Teens and Risk-Taking
Colleen Gengler, Extension Educator — Family Relations
2011. Revised February 2017 by Jodi Dworkin, Extension Specialist and Associate Professor — Department of Family Social Science.
The word “risk” is defined as the possibility that something unpleasant or unwelcome will happen as a result of a particular action. However, when we think about teens, taking risks is more complex. Parents often think of risky behaviors as underage drinking, using drugs, or early sexual involvement. Parents also need to remember that risk-taking can be both negative and positive. Teens can learn and grow from taking risks. Much will depend on the when, where, and what of the risks in which teens might participate.
A Different View of Risk-Taking
Risk-taking can be thought of not only as experiences with potentially negative consequences, but also those leading to healthy outcomes. To help accomplish that dual perspective, risk-taking can be viewed as “exploration” that is a normal and healthy part of growing up.
Teens can experience risk by exploring a new activity at school, trying a new sport, learning to play a musical instrument, taking a position of leadership in a youth organization, or getting to know someone new. When this kind of exploration occurs in a healthy, supervised, and supportive atmosphere, it can help teens build confidence, learn to trust their own judgment, and learn to deal with disappointment and frustration. Exploration can also help teens learn to interact with peers, make decisions that fit their values and knowledge of what is right, and figure out more about themselves.In other words, healthy exploration gives teens the chance to experience “risk” in a positive, supportive setting that can lead to positive outcomes — without the long term and potentially dangerous consequences associated with risky-behaviors such as riding with someone who has been drinking or trying drugs.
Teens Make Decisions Differently than Adults
Risk-taking cannot be talked about without discussing decision making. As teens consider any decision, whether it is about a potentially risky behavior or something we might consider healthy exploration, they will use a decision-making process, but one that is different from adults. Teen decision-making will include:
- Weighing both the benefits and consequences of choices.
- Noticing from their own experiences and the experiences of their peers that participation in many risky behaviors does not often lead to negative consequences.
- Considering what their peers are saying or doing. Sometimes this might mean acting in a way they know isn’t right but gains them approval or acceptance from peers.
- Overestimating their ability to identify and avoid a potentially dangerous situation. Even when they weigh the pros and cons, they might think, “I won’t get caught the first time” or “Nothing bad will happen to me. It only happens to other people.”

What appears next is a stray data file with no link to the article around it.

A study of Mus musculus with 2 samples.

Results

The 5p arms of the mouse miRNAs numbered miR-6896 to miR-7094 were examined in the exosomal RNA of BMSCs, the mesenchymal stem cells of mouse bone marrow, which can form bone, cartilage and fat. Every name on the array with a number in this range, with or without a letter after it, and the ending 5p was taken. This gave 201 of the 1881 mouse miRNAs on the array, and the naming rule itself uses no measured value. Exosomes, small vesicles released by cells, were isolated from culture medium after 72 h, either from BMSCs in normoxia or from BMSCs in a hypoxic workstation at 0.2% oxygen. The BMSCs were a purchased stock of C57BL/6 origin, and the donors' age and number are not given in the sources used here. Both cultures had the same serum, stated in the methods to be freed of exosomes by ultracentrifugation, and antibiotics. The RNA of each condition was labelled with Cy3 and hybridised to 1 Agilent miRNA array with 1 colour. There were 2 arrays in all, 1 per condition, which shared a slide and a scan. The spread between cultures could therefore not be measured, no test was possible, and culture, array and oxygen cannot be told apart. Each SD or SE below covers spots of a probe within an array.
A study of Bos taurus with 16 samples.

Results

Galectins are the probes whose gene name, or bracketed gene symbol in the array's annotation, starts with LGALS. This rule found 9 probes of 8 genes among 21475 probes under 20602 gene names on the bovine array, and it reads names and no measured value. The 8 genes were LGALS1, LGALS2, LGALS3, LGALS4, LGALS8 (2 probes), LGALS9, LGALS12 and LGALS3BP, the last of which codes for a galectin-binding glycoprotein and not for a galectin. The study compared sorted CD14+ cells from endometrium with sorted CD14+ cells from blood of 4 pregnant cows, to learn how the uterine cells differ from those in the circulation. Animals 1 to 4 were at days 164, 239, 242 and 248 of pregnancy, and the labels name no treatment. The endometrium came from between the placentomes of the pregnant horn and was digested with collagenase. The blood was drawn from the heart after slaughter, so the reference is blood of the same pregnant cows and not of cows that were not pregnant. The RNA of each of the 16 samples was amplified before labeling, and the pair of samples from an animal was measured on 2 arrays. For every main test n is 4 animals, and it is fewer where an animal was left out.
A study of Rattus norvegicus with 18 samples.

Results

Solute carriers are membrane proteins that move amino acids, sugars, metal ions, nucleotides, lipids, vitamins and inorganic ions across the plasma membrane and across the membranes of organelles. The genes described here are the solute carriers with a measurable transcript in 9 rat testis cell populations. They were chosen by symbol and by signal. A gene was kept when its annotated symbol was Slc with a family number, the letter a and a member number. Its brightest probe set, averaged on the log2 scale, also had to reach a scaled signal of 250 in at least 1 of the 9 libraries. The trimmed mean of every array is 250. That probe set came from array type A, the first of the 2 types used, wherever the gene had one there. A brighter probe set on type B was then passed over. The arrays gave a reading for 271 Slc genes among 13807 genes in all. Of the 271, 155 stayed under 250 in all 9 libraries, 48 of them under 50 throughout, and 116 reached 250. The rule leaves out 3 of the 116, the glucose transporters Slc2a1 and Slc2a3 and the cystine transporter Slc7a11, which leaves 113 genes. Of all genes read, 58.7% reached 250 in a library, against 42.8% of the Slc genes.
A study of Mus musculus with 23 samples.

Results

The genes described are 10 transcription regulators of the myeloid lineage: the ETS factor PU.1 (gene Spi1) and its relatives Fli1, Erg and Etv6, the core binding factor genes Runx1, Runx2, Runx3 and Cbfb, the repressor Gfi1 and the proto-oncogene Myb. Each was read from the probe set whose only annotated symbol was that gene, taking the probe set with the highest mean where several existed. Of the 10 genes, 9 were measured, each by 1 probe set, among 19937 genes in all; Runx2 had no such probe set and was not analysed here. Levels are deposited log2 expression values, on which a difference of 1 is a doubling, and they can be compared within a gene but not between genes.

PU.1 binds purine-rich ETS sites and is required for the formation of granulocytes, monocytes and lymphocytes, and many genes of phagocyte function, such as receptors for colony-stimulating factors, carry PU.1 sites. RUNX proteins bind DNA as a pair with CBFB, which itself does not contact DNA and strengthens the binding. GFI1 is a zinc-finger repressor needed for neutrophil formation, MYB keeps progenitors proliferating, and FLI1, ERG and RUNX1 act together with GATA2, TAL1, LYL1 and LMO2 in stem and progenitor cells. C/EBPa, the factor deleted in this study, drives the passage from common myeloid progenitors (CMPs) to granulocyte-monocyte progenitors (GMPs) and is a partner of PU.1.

Every Teen Is an Individual
As teens make choices, it is important to remember that age, maturity level, emotions, and past experiences all make a difference. Other things that impact teens’ decisions are:
- Influence from parents, family, and peers.
- Personality characteristics and interpersonal skills.
- Quality and quantity of information about a particular choice.
What Parents Can Do
Parents are key in supporting teens as they explore new ideas, try something they are interested in, or connect with a different group of friends. Parents need to:
- Be involved in their teen’s everyday life.
- Talk about core family values — share your own values with your teen and ask teens about theirs.
- Encourage their teen’s interests.
- Help teens find opportunities to explore their interests.
- Assist teens with learning how to think through decisions.
- Model decision making skills.
- Help teens think about how their decision could affect not only themselves but others, in the short-term and long-term.
Teens Need Community SupportMany parts of the community — including neighborhoods, schools, youth organizations, and faith-based institutions — play a significant role in providing opportunities for healthy exploration in a supervised and supportive atmosphere. It is vital to make sure all teens have opportunities that meet their needs and interests.
The Parent Toolkit — Partnership for Drug-Free Kids — Tips for raising drug-free kids.
Talk. They Hear You: Underage Drinking Prevention — Substance Abuse and Mental Health Services Administration — This campaign helps parents and caregivers start talking to their children early about the dangers of alcohol.
Talk with Your Kids — Children Now — Tips for discussing difficult topics with your children.
ParentFurther — This online resource helps families strengthen relationships through shared activities. Family relationships provide the foundation from which young people can develop the motivation and skills to overcome challenges and thrive.
KidsHealth®: Parents — The Nemours Foundation — Articles that answer your questions about growth, development, emotions, and behavior.